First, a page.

Taking a nice picture is more than just the megapixels of your camera

Even though digital cameras have been popular for more than a decade, people are still confused about megapixels and their importance. The term “megapixel” refers to resolution, which means how much digital information is makes up the picture. Digital photos are made of dots or “picture elements” called pixels. Digital cameras use millions of pixels to make an image, hence the term million (or “mega”) pixel. For example, a 5 megapixel camera generates up to 5 million pixels to create a photo. The more pixels created, the larger you can print your image and still have it look sharp.

Do more megapixels mean a better picture? Not necessarily. Other camera features come into play, as well, such as lens quality, the lighting conditions when the picture was taken and even the software in the camera. For example, a smartphone like an iPhone can take perfectly acceptable pictures at 8 megapixels, but a DSLR will probably take better pictures, even if the resolution is set the same. This is because the high-quality lens on an SLR is generally better than a smartphone.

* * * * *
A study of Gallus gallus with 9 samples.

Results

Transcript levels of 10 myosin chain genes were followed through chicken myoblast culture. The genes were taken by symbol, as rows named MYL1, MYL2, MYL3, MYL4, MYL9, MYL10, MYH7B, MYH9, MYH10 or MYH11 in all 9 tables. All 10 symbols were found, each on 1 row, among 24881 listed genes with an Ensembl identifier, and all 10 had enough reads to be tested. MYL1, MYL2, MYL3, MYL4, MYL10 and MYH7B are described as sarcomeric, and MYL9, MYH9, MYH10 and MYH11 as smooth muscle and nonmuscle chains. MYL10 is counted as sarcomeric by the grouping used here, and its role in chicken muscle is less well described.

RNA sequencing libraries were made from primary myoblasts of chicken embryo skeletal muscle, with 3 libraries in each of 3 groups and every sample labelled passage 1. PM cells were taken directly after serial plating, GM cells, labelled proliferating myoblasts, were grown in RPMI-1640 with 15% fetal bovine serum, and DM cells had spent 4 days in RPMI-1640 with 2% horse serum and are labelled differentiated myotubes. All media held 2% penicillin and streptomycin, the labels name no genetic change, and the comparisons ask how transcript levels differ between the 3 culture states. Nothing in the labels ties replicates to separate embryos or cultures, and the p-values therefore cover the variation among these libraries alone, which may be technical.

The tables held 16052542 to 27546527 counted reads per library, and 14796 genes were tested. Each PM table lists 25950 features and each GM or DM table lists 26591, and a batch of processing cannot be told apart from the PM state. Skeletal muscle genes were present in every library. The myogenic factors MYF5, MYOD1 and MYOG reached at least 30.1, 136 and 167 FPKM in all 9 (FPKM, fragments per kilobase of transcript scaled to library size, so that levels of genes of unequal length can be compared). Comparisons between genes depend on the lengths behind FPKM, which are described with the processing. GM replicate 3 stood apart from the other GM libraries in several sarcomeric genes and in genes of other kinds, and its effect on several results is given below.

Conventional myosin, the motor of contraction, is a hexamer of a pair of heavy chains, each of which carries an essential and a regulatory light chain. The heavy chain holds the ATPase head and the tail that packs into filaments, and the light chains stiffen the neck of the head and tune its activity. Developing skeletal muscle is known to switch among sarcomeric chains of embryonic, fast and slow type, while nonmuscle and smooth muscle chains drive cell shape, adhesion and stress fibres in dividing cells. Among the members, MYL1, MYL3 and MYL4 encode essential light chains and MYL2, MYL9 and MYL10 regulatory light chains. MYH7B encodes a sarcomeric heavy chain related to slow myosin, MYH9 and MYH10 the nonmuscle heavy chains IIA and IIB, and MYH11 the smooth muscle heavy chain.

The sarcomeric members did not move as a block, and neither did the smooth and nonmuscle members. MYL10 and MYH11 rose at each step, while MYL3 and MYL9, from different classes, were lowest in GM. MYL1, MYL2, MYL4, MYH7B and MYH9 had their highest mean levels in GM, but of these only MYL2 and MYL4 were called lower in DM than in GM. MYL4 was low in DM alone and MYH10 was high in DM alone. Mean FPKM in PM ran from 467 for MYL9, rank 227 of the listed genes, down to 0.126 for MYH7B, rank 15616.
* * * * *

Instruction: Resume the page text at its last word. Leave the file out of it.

Most digital cameras let you set different resolutions; for example, an 8 megapixel camera can let you choose between 1, 2, 4 or 8 megapixels. Why would you do this? Images can take up a lot of card space, and if you know you aren’t going to make big prints, you probably won’t even notice if you set the camera at 4 megapixels. That’s handy when your taking a long trip.

When printing at MailPix, we’ll tell you if the photo you are using will have high enough resolution for big prints.